College of Political Knowledge
Subject: Political Theory
Recent events in Europe have made me think of some of the classes I took in college…..especially the rise of the Far Right political traditions and why they are becoming more popular than in the past.
First of all let us look at the definition of the term “Pragmatism”…..
1: a practical approach to problems and affairs <tried to strike a balance between principles and pragmatism>2: an American movement in philosophy founded by C. S. Peirce and William James and marked by the doctrines that the meaning of conceptions is to be sought in their practical bearings, that the function of thought is to guide action, and that truth is preeminently to be tested by the practical consequences of belief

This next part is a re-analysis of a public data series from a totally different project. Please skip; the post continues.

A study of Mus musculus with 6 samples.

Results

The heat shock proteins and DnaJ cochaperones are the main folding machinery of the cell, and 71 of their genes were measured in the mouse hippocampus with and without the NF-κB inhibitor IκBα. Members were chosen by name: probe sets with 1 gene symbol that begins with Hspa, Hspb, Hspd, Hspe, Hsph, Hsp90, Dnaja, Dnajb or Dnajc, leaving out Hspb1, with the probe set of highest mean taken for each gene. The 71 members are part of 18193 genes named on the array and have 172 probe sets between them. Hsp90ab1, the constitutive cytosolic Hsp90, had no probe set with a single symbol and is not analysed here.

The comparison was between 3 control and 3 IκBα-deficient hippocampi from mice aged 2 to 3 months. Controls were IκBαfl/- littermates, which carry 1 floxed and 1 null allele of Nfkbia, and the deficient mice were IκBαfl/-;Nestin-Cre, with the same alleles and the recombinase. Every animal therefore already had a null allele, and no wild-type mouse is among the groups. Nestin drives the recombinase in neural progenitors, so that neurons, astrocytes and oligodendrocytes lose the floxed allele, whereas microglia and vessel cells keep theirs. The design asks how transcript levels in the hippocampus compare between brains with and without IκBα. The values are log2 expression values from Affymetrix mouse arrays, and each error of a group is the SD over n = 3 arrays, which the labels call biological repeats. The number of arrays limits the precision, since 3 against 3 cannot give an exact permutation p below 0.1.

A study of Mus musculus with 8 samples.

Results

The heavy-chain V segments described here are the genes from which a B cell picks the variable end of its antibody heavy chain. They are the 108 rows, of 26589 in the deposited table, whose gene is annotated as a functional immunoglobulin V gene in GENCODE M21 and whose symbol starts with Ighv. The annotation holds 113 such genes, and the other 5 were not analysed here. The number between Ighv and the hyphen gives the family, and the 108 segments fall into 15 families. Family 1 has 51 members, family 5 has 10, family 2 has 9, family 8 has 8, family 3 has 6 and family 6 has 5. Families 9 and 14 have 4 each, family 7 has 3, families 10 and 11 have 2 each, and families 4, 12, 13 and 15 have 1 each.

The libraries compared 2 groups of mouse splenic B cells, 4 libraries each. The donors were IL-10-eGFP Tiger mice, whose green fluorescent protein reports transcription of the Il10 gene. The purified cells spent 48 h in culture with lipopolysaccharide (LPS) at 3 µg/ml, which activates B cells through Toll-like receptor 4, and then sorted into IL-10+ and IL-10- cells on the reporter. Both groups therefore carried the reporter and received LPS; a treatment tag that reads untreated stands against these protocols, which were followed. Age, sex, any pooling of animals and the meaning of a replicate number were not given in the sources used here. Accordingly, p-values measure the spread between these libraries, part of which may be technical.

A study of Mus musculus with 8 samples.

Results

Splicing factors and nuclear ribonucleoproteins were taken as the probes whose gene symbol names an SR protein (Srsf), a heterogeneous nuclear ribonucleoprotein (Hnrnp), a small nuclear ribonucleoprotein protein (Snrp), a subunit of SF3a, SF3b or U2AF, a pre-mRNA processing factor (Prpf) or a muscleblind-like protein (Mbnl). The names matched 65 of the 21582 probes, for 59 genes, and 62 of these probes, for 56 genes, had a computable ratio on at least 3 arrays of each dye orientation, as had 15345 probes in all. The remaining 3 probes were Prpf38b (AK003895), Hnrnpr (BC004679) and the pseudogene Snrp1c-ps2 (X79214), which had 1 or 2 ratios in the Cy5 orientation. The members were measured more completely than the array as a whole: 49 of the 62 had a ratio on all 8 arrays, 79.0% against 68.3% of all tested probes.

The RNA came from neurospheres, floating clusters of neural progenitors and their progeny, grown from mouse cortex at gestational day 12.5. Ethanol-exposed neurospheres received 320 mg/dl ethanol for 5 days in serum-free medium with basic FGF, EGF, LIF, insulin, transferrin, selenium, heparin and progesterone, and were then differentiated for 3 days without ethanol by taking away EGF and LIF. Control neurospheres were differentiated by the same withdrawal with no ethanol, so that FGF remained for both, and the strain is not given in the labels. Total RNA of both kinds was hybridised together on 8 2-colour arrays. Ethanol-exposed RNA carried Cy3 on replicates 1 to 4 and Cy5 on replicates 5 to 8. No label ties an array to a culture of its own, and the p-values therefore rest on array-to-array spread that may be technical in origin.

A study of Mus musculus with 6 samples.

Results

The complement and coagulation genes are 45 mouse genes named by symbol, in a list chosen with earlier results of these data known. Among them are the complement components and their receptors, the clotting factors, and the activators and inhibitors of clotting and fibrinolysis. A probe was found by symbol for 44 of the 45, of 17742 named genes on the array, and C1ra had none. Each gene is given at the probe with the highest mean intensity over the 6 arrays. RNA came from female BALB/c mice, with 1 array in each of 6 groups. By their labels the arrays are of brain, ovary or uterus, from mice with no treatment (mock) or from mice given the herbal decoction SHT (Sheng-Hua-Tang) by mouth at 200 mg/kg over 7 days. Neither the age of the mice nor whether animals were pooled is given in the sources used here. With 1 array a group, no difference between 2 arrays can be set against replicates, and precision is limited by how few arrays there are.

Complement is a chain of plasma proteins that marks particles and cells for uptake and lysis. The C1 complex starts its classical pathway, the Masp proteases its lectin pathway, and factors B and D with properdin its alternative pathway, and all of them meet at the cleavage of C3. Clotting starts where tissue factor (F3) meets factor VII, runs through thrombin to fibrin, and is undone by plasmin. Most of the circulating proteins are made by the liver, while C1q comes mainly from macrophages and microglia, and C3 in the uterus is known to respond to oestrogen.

Fascism’s outstanding traits is its eclecticism, the propensity of its numerous individual variants to accommodate or synthesize ideological components from a wide range of sources taken from any part of the left-right spectrum. Italian Fascism, for example, merged elements of right-wing politics (nationalism, imperialism, authoritarianism) with left-wing syndicalist claims of creating social justice and abolishing class conflict, and the cult of the Roman past with elements of the Futurist cult of hypermodernity. It also attracted a number of former Marxists in Italy and Germany, hosted left-wing and right-wing variants of corporatist theory, and accommodated currents of philosophical idealism and technocratic modernism; clerical Fascism and neopaganism; cultural racism (which treated patriotic Italian Jews as full members of the re-born Italy, although a more “biological” current eventually led to the adoption of anti-Semitic race laws); and the full spectrum of aesthetics from neoclassicism to futurism, from anti-cosmopolitan ruralism to international modernism. Even Nazism was far from homogeneous ideologically, embracing ruralist and technocratic visions of the new order, varying degrees of paganism and accommodation with Christianity, several varieties of racism, an anticapitalist (“Strasserite”) current, and even a strand of promodernist aesthetics. Fascism’s animus against communism and the degenerative impact of liberalism on the organic national community nevertheless makes it sensible to locate fascism within the tradition of right-wing politics rather than simply “beyond” left and right (as it sometimes claims to be).